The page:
A few months ago while out to dinner with my dad, I ordered something that he considered unusual for me: salmon and rice. Not that salmon or rice alone or together are unusual choices; it’s just that at this particular restaurant I always order the same thing: the Arugula Burger. This restaurant’s Arugula Burger is the best burger in the immediate area if not in all locations and all of time. Cooked to order, it comes with thick sliced bacon, baby arugula, cheese and crispy onion strings. If I really concentrate, I can eat the entire thing. Just kidding. It’s easy to wolf the thing down.
Dad and I visit the restaurant so often when he’s in town that I’m the duchess on Yelp at 70-something check-ins (over the space of four or five years). We usually go once a week, sometimes more often. And it’s in those times when we go more than once a week that I don’t feel like I should be wolfing down a massive burger twice in a matter of days.
So one particular evening when we stopped to eat there, their special board advertised the dinner special as salmon and forbidden rice topped with mango salsa. I love salmon and I love rice and I love mango (not necessarily in salsa but) I thought I would give it a whirl.
Sometimes when I diverge from my normal menu item I end up disappointed. It’s rare, because almost everything this restaurant serves is fantastic, but it happens. Sometimes I end up liking the dish but feeling dissatisfied. This instance was different. The salmon and rice dish was perfection because of the mango salsa on top. I was totally pleased with my selection and completely satisfied.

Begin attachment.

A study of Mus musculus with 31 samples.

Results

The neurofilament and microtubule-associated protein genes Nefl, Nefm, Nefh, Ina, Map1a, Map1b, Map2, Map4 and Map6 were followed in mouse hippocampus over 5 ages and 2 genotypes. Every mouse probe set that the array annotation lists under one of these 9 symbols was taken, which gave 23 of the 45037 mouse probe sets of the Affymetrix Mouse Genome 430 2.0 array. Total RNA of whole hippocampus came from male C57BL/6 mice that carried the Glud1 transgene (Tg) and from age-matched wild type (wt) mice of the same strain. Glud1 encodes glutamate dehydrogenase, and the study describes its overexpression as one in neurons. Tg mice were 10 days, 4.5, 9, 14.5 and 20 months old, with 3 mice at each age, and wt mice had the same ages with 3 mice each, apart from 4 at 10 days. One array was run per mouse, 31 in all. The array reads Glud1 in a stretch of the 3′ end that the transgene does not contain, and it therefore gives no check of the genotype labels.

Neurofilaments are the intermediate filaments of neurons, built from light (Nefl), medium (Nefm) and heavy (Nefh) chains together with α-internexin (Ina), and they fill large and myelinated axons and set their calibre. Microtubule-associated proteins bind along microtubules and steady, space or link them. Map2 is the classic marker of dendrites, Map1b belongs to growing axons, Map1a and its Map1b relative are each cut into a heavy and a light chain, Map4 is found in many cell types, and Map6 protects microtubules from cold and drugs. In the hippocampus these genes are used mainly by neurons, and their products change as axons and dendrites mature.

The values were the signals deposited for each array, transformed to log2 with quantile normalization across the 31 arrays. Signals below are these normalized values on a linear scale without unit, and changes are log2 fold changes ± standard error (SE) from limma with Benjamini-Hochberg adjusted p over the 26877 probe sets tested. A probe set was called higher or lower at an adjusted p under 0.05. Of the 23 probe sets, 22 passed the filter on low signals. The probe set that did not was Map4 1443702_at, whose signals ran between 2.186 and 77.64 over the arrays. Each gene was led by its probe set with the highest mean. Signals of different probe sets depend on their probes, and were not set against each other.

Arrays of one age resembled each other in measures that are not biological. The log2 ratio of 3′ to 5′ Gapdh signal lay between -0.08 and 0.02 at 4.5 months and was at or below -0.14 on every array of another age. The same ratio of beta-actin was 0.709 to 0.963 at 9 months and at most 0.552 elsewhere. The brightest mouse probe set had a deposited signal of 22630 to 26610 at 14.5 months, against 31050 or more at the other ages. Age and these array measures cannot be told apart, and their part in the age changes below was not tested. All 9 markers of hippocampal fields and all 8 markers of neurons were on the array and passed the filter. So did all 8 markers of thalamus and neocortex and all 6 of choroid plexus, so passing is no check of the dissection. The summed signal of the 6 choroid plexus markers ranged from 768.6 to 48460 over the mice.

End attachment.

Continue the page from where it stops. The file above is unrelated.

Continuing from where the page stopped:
So satisfied that I vowed to make the dish at home someday. Of course months went by where I intended to recreate the dish at home and never did. Then recently when I decided to make cantaloupe salsa,
- 2 5-oz pieces of halibut, skin on
- avocado oil
- kosher salt
- Fresh cracked black pepper
- Southwest or blackened seasoning
- 1 c. dry forbidden (black) rice
- 1 c. cantaloupe salsa
- Soak rice in some warm water and rinse and drain. Repeat three more times. Cook rinsed rice according to package directions or using a rice cooker on the brown rice setting.
- Meanwhile, preheat oven to 400°F.
- Place halibut skin-side down onto a rimmed baking sheet and drizzle with avocado oil (or another high smoke-point oil). Season generously with salt, pepper and seasoning.
- Bake for 12 to 15 minutes, until halibut flakes easily when tested with a fork.
- When rice is done cooking, scoop some rice into a bowl. Top with baked halibut. Scoop approximately ½ cup of cantaloupe salsa on top of the fish. Serve immediately.